Publication Date : 24-01-2013
Human rights groups have urged the government to call on Myanmar and Bangladesh to seek a durable resolution to the problems of the displaced Rohingya people.
"These two countries should play a crucial role in helping Thailand to resolve this problem," Surapong Kongjanteuk - who heads the Lawyers Council's human-rights subcommittee on the stateless, migrant workers and displaced people - said yesterday.
He was speaking at a seminar titled "Rohingya, out of the frying pan and into the fire: future and durable resolutions for Thailand", organised by the Anti-Human Trafficking Network of Thailand at the Student Christian Centre.
Surapong also asked the government to allow the United Nations High Commissioner for Refugees (UNHCR) to help it screen the Rohingya to determine whether they were genuine political refugees, economic migrants or trafficking victims - as they would be receiving assistance from the international organisation.
At present, there is no clear policy from the government to resolve the Rohingya refugee problem. Lawmakers approved a Cabinet resolution just last year and designated the National Security Council to take care of the group under humanitarian principles.
"It would be good for Thailand to allow the UNHCR to work with the Rohingya people. That would mean Thailand would no longer have to shoulder [such a large] burden," he said.
Meanwhile, Philip Robinson, deputy director of Human Rights Watch's Asia Division, supported Surapong's idea, saying it was vital for the Thai government to recognise that the UNHCR needed to play a critical role in solving this crisis.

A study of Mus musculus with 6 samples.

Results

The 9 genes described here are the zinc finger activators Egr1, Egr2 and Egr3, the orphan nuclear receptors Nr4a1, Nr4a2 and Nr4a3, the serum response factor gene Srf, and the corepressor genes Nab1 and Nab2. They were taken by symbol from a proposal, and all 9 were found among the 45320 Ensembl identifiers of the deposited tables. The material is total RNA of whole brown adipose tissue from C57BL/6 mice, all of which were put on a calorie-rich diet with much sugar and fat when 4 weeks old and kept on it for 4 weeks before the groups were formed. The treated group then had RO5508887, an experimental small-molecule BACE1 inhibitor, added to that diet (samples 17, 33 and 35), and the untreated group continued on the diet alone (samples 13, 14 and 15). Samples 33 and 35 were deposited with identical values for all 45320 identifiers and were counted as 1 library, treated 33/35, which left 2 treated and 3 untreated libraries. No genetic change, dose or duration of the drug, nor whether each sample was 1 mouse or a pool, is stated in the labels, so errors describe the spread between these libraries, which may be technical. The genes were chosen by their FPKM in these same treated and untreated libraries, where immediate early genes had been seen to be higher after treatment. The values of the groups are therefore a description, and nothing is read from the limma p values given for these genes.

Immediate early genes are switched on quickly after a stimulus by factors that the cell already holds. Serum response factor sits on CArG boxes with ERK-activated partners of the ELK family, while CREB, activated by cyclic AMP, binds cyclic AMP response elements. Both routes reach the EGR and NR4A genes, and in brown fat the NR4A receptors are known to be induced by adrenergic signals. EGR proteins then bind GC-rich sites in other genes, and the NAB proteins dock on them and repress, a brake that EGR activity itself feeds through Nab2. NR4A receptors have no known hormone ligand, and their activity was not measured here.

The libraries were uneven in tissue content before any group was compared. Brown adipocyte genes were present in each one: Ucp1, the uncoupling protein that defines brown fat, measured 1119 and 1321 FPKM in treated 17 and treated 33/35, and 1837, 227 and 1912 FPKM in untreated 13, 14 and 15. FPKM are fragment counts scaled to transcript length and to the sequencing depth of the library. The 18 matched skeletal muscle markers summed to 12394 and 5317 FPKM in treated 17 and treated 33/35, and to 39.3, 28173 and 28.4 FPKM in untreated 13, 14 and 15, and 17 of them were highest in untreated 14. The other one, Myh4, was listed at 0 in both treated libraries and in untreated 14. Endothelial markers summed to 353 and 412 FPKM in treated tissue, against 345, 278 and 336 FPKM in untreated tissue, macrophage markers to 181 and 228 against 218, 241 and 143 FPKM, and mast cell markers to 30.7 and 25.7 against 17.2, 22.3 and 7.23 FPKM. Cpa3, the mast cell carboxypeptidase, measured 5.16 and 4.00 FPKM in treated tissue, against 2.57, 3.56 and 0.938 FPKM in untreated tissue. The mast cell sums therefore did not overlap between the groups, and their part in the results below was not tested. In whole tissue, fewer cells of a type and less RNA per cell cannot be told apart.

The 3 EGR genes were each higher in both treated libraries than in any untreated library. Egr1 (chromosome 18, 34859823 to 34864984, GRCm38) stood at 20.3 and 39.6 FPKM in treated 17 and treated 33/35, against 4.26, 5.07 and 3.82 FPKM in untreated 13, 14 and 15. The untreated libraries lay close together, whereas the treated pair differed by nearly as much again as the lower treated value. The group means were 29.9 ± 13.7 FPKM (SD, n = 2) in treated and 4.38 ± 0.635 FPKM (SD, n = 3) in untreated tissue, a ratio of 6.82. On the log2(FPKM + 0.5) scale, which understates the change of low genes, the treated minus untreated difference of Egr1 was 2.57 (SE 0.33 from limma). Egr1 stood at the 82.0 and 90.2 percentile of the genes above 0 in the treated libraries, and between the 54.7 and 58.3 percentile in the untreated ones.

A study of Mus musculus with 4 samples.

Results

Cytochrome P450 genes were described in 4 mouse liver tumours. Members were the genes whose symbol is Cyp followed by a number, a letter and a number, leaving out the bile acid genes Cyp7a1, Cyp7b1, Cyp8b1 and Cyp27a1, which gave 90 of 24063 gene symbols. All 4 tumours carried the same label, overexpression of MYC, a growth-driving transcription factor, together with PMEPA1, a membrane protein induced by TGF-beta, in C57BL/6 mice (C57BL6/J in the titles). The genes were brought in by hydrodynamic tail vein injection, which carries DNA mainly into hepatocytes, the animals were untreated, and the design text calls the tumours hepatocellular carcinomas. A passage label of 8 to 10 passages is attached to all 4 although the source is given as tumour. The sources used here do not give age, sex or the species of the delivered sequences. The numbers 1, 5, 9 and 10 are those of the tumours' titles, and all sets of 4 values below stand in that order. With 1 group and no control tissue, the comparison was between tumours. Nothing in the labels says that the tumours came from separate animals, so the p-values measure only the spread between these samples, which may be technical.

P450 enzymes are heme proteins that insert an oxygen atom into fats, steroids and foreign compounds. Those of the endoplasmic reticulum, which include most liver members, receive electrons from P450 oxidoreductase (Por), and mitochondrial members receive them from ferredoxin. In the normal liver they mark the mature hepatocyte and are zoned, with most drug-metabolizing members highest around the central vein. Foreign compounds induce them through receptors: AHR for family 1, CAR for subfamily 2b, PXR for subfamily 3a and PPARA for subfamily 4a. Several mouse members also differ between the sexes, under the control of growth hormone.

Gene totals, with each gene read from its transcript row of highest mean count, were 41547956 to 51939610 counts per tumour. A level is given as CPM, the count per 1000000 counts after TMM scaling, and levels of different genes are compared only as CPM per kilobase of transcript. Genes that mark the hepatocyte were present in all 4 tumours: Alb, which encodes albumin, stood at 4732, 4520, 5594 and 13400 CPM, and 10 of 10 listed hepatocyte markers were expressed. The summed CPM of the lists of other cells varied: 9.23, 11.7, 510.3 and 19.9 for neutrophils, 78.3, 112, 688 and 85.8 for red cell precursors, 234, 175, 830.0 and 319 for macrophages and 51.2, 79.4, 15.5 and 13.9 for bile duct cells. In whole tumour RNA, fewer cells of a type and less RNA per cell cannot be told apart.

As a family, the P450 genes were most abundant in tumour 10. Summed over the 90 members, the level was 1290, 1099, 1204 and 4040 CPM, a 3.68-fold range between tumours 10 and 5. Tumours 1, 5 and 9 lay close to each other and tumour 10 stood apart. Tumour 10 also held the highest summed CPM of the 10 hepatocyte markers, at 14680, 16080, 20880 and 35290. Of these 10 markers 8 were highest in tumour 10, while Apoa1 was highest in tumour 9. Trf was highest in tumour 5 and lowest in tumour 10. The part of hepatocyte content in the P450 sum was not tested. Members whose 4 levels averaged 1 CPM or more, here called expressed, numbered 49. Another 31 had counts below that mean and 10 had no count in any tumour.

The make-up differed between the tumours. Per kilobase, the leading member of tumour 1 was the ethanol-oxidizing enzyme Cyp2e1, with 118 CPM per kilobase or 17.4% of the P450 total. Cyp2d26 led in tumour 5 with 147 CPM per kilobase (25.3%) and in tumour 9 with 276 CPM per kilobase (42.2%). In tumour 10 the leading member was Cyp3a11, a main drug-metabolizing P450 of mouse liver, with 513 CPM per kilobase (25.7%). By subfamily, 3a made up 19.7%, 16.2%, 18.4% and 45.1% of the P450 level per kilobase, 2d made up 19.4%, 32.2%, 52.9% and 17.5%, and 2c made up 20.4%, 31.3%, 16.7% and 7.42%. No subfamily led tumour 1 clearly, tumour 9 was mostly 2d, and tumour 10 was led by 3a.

"The government and the UNHCR should provide access to the Rohingya to evaluate their refugee status and provide assistance for them," he said.
"Thailand should take the lead in the region to work with countries like Malaysia, Indonesia and Brunei to tell Myanmar that enough is enough.
"We no longer agree on the treatment of the Rohingya [and denial of the rights] of this large group of people," he added.
The Burmese Rohingya Association in Thailand (BRAT)'s president Maung Kyaw Nu said he wanted the international community to force the Myanmar government to stop the "genocide" of the Rohingya people in Rakhine State, after which he said the Rohingya would no longer need to flee from Myanmar to Thailand.
"We are asking for Asean and international help to send the United Nations' peacekeeping forces to rescue Rohingya people in Rakhine. We need international protection," he said.
Surapong also asked the government to provide temporary shelters for the refugees and not detain them in prison.
He also called for the government to punish strongly those people who are involved in the trafficking of Rohingya refugees into the Kingdom.
Surapong interviewed 78 Rohingya who were arrested for alleged people smuggling and found there was a network who traffic Rohingya refugees from Bangladesh to the southern part of Thailand by boat.
At least three people are accused of involvement in smuggling Rohingya into the Kingdom.
Meanwhile, Pol Major Jatuporn Arunroektawin, head of the Department of Special Investiga-tion's Human Trafficking Suppres-sion Division, said he was informed that some Rohingya people who were deported by immigration police had illegally returned to the southern part of the Kingdom.
"Some were saved in the middle of the sea on the way back to their original place, and then they were sent back to enter Thailand again," he said.